No sabemos quién hace los pagos, ni quién los está recibiendo. Pero si miramos los protocolos públicos de las cuentas de Bitcoin asociadas con ransomware podemos ver el rastro del dinero pagado.
How much would you pay to regain access to your computer files? This is a question victims of ransomware are faced with when they least expect it. A threatening message appears promising to delete all files unless a payment is made before a certain time.
“My first reaction was panic. My second reaction was to get on another computer and figure out exactly how much 1.71 Bitcoin was worth in US dollars,” said John, a lawyer in Chicago, describing a ransomware attack that temporarily crippled his legal practice in 2016.
A malicious link clicked or a file attachment arriving by email can unleash ransomware on networked computers or mobile phones. It can take down healthcare providers and threaten the aviation industry. Estimates of how many people and companies are affected by ransomware vary, but it’s a big crime business. Software to unleash an attack can be easily bought and customized. Network security company SonicWall counted more than 200 million attacks globally in 2018. Cisco estimates that every 40 seconds a business falls victim.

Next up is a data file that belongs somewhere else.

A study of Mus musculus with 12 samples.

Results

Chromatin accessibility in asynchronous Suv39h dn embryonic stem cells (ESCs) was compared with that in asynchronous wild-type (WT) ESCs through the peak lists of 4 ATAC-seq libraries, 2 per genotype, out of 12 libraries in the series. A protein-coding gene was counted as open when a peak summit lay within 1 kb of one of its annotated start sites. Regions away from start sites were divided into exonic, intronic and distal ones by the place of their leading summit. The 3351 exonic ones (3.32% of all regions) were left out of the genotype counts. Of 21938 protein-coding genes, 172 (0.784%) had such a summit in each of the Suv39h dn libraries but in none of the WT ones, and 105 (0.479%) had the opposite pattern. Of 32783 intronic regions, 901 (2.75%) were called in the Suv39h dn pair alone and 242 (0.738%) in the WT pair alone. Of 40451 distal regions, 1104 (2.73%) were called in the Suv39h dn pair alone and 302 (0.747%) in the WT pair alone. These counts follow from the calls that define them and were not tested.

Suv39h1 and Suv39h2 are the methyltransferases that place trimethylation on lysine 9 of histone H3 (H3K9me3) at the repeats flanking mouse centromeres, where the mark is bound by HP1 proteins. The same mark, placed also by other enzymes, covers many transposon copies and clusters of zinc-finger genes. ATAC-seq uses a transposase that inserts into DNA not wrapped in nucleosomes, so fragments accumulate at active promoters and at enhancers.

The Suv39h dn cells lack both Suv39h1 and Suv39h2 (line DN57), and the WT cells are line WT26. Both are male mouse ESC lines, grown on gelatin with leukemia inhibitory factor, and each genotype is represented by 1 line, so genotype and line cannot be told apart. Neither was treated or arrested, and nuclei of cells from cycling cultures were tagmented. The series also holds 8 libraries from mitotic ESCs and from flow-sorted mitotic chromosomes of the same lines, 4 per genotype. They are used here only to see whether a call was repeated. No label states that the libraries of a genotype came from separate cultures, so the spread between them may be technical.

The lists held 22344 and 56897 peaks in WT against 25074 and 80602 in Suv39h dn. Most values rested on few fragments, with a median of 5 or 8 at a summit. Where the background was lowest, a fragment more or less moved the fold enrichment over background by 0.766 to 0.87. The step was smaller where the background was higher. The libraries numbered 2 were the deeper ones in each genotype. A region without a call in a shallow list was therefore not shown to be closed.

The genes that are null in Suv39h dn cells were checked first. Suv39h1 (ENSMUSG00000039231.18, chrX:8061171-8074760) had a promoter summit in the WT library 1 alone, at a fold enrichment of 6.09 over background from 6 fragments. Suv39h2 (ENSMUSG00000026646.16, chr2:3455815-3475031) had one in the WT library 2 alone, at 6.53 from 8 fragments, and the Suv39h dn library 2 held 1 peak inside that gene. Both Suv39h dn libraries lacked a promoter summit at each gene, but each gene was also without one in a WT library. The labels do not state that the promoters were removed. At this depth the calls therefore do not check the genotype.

In recent years, international law enforcement and security firms have collaborated on The No More Ransom Initiative to freely share decryption tools. This has helped people worldwide. Creating frequent backups of files and keeping operating system software updated is the best fix to keeping your own devices healthy and free of malware that can infect others too.
Secrecy clouds what we know about the economic impact of ransomware. A 2018 study about ransomware payments via Bitcoin offers a glimpse of how many people fall prey, and suggests a new counting method to better estimate the millions of dollars of payments.